Heartburn or “gastroesophogeal reflux disease” (GERD) is very common. As a matter of fact nearly everyone has it to some degree but most are unaware of it, or it is only minor. Only when it becomes more frequent or severe do people seek relief. A “burning sensation,” pressure under the breastbone in the middle of the chest, or acid taste in the mouth are most common symptoms.
Reflux can be manifest by a persistent cough, asthma or waking up at night choking or with an acid taste. Occasionally people have food return up to their mouth without any “burning.” This is known as “solid regurgitation.”
It can occur with bending over after eating and can be made worse by any of the following risk factors listed below.
There are relatively easy first line steps to take if you have heartburn. avoiding these things when possible will help:
- Chocolate, coffee, peppermint, greasy or spicy foods, tomato products and alcoholic beverages
- Being overweight
- Eating within 1-2 hours before laying down to sleep g Some medications
When these issues are eliminated as much as possible then medical treatment can be helpful. There are over-the-counter medications or stronger treatments with a prescription from your healthcare provider. Your doctor can help you determine the best options for you.
For symptoms that persist despite medical and conservative treatment attempts, there are very successful surgical options. The most common effective surgery is a Laparoscopic Nissen Fundoplication. This operation involves wrapping part of the stomach around the lower end of the esophagus and is highly successful in reducing or eliminating heartburn symptoms. In my practice, essentially all of the heartburn surgeries have been Laparoscopic or what some people call “minimally invasive,” or “microsurgery” where ve pencil size incisions are used to allow skinny instruments to move in and out through the abdominal wall. This technique allows faster recovery time with less pain.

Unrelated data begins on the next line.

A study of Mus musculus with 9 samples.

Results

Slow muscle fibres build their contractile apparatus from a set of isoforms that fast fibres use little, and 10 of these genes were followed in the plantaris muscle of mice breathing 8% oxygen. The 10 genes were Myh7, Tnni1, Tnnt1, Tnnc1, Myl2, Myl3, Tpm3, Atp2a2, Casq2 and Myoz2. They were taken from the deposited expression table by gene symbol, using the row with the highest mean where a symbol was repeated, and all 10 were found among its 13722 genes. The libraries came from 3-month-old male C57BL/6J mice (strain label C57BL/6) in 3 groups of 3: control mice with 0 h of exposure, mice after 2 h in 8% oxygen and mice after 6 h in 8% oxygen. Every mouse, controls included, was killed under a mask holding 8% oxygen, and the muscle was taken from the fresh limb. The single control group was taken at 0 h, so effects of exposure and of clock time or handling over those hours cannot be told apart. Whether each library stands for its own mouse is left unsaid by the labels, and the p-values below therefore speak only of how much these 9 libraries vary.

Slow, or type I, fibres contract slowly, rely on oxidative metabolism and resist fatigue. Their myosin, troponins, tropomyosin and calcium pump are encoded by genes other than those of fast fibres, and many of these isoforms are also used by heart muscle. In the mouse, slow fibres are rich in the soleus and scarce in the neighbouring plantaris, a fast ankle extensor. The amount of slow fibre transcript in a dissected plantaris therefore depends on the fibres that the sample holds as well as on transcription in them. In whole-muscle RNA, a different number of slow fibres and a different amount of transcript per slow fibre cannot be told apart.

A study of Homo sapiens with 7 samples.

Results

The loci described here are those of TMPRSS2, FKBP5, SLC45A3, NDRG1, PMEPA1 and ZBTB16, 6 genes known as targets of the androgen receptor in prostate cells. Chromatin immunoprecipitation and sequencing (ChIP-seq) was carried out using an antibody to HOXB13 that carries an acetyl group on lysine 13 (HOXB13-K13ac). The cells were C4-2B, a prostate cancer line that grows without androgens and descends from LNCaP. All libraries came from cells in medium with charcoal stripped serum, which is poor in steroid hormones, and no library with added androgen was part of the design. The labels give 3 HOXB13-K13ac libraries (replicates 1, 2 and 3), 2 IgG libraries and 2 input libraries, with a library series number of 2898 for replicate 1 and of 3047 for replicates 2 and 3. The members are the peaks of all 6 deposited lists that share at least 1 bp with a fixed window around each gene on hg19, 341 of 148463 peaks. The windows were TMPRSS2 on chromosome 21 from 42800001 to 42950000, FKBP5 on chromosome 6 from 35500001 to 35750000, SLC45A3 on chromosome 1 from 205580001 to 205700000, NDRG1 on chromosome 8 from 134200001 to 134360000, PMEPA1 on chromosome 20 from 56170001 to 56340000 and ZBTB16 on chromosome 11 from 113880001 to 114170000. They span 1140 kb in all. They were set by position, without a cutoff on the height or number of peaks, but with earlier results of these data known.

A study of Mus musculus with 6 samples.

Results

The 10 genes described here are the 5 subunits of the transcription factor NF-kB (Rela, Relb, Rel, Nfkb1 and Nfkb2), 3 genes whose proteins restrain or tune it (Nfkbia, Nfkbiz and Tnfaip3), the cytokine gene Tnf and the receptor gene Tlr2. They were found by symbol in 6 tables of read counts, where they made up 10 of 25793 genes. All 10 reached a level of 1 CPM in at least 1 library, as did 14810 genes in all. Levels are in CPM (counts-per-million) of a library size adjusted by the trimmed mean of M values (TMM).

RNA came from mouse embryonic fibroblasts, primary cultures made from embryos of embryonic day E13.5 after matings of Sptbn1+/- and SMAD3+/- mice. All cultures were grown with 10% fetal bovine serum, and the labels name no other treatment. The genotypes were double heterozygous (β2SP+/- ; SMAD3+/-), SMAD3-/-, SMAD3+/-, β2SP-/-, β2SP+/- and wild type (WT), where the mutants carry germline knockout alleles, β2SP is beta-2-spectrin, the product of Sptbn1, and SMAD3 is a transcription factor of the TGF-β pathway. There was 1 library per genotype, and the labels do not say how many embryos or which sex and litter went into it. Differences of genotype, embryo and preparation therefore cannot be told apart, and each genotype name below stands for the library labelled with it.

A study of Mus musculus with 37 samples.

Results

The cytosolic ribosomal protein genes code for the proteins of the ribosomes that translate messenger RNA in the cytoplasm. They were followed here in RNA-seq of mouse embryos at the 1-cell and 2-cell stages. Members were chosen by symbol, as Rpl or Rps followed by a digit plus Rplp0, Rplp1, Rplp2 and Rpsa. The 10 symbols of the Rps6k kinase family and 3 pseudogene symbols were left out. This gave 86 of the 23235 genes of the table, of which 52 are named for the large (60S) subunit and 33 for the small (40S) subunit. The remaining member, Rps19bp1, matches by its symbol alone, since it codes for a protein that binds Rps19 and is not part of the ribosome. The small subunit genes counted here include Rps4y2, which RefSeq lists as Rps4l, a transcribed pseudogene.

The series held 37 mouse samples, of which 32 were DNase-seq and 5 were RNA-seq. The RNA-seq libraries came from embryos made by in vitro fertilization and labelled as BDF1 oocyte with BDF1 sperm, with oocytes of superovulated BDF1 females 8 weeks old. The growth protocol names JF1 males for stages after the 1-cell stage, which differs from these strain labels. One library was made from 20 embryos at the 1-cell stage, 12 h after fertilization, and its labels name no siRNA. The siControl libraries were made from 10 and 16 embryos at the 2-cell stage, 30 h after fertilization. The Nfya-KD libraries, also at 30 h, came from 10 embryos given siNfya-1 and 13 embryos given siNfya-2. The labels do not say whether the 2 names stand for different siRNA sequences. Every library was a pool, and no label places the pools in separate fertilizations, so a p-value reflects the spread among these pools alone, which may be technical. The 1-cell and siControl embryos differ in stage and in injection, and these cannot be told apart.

In trying to decide when to consider having this operation people usually want to know:
How successful is the procedure?
Are my symptoms bad enough to consider surgery?
How much will it cost?
What is my recovery time, or how long will I be out of work?
What are the risks and potential complications?
These questions are all addressed in a consultation and most of the answers are individualized depending on a person’s symptoms, health insurance plan, usual activities and overall health.
The operation requires half of the patients to stay overnight—the remainder go home in a few hours. Reflux for almost all patients stops immediately with no need to continue medication. The likelihood of a complication is very low.There is no limit to activity after surgery but careful progression is advised. I recommend most people be off work for a week from full-time desk work. It may take longer with more physically active jobs.